Wembley's ashes are cast to the four corners


One small step from Wembley started one long journey to Spain yesterday as the dismantling of England's most celebrated stadium entered its final stages. Shortly after breakfast Pablo Ornaque, the curator of Barcelona's museum, arrived in north-west London with an articulated lorry in which to transport the step and an array of other memorabilia back to the Catalan football club, where it will be either displayed at the Nou Camp or disseminated to other collections around Spain.

For the sake of historical record, Ornaque's personal haul, purchased for an undisclosed sum, included the solitary step (one of Wembley's famous 39), the hand rail from the steps (all of it), one set of goalposts, one protective tarpaulin from the players' tunnel, two substitutes' benches from the Royal tunnel, a VIP chair from the Royal ante-room and 75 turnstiles. He said he was delighted with his souvenirs, not least because Wembley was the venue for Barcelona's last and only European Cup final win, against Sampdoria in 1992.

Ornaque is merely the latest admirer of England's football heritage to snap up part of it since the great Wembley sell-off started soon after the stadium's final ignominious game, England's 1-0 World Cup qualifying defeat to Germany in October 2000. Fans and collectors from around the world have been writing, phoning and bidding via internet auctions ever since for everything from seats to slabs of turf, coat pegs, taps, steps, doors, door knobs, tea cups, tiles and bath plugs. Total revenue for the Football Association is estimated at a modest £1m, which will go towards the somewhat heftier £757m the new Wembley will cost.

The range of buyers could best be described as eclectic. The American rock band Bon Jovi, for example, bought a dozen seats and had them shipped across the Atlantic. Evel Knievel, the daredevil rider who performed at the stadium in his heydey, settled for a modest half-dozen chairs, which have been sent to Las Vegas. Ivan Major, a former speedway champion from New Zealand now resident in Australia, bought a chair from Wembley's Royal retiring room.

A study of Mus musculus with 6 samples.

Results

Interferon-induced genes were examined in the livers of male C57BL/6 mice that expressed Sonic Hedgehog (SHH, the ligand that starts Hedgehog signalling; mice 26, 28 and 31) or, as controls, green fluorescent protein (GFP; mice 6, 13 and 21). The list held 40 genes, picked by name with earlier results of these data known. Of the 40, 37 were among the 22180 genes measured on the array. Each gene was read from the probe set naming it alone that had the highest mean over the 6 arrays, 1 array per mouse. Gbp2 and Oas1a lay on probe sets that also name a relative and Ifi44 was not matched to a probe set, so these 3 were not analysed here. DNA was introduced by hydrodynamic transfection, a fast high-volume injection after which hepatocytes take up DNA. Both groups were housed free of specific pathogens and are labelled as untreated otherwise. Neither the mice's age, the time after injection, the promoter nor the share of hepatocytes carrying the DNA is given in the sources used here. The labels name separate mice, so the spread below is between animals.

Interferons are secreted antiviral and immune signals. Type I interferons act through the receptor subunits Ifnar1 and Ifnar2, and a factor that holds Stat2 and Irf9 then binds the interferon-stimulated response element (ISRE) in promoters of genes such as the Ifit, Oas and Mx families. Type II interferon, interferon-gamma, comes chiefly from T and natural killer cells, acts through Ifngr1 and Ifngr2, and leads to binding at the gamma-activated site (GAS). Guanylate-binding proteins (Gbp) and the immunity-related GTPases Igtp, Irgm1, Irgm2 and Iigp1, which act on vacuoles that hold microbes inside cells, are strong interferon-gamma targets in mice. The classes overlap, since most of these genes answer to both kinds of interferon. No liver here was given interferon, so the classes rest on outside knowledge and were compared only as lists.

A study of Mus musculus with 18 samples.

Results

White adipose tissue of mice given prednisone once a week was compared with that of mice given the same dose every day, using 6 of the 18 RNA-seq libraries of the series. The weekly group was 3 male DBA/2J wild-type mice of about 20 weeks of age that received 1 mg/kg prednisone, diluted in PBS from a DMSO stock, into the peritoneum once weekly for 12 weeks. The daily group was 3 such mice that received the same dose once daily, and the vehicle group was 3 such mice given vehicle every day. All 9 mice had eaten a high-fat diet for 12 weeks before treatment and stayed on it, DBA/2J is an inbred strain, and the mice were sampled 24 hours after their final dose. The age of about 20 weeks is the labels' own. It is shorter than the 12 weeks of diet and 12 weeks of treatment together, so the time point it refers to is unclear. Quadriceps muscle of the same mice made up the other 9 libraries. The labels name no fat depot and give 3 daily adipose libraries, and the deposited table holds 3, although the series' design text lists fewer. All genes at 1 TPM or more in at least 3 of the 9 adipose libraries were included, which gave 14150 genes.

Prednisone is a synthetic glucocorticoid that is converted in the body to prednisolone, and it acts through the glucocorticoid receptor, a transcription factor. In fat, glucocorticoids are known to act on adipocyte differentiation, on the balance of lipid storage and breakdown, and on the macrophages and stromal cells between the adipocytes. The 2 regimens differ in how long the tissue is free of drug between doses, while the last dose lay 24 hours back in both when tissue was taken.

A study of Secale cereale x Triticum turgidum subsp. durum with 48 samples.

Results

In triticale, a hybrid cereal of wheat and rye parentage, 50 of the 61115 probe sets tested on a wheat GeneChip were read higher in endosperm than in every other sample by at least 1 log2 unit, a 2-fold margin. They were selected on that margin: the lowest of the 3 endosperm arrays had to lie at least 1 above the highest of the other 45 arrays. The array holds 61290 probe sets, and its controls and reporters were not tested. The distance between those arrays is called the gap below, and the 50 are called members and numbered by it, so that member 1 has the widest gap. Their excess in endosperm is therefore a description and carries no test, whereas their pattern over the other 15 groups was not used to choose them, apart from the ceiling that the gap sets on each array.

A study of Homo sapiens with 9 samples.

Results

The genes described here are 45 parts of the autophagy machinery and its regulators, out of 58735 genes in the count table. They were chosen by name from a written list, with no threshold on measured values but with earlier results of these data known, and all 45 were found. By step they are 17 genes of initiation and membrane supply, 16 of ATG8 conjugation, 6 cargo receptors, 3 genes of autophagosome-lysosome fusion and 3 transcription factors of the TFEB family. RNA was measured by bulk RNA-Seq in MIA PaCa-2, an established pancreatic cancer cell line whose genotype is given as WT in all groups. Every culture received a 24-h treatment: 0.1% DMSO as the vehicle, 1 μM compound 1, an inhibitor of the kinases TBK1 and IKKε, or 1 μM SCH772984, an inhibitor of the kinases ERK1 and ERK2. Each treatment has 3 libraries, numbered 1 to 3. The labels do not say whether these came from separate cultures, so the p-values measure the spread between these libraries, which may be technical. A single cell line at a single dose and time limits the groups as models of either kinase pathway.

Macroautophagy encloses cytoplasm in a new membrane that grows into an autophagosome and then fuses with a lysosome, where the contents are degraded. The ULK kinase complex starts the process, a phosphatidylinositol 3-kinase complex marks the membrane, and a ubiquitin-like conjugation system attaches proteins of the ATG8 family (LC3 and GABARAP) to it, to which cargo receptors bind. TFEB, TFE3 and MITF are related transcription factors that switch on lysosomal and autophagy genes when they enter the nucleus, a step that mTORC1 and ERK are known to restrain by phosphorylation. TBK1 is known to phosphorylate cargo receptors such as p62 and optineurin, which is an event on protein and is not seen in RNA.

Dorin Florea, the mayor of Tirgu Mures, a town in Transylvania, secured 2,300 Wembley seats for nothing except the £9,000 transport cost and is using them to equip a new arts and sports venue that will bear the name the Wembley Open-Air Theatre. The Romanian FA also ordered a set of Wembley floodlights for use at the national training centre in Bucharest.

Closer to home, a riding school for the disabled in Avon has acquired 500 seats, Leyton FC have taken 1,000 seats and some floodlights and the National Football Museum in Preston has bagged the memorial plaque from the 1966 World Cup final and the crossbar that Geoff Hurst rattled on the way to England's third goal in the same match.

"Wembley has a great place in the memories of people all over the world," Nick Barron, an FA spokesman, said yesterday. "That's why we're so determined to build a fantastic new stadium to replace it, and why there has been such a breadth of interest from football people everywhere in owning their own little bit of history."

The final stage of the old Wembley's demise will come with the demolition of the Twin Towers, provisionally pencilled in for Monday 16 December. Even those landmark concrete pillars, when reduced to rubble and dust, will be put to use. Most of the remnant masonry will be used to fill the foundations of the new stadium. Some will be taken away and turned into replica miniatures of the old venue.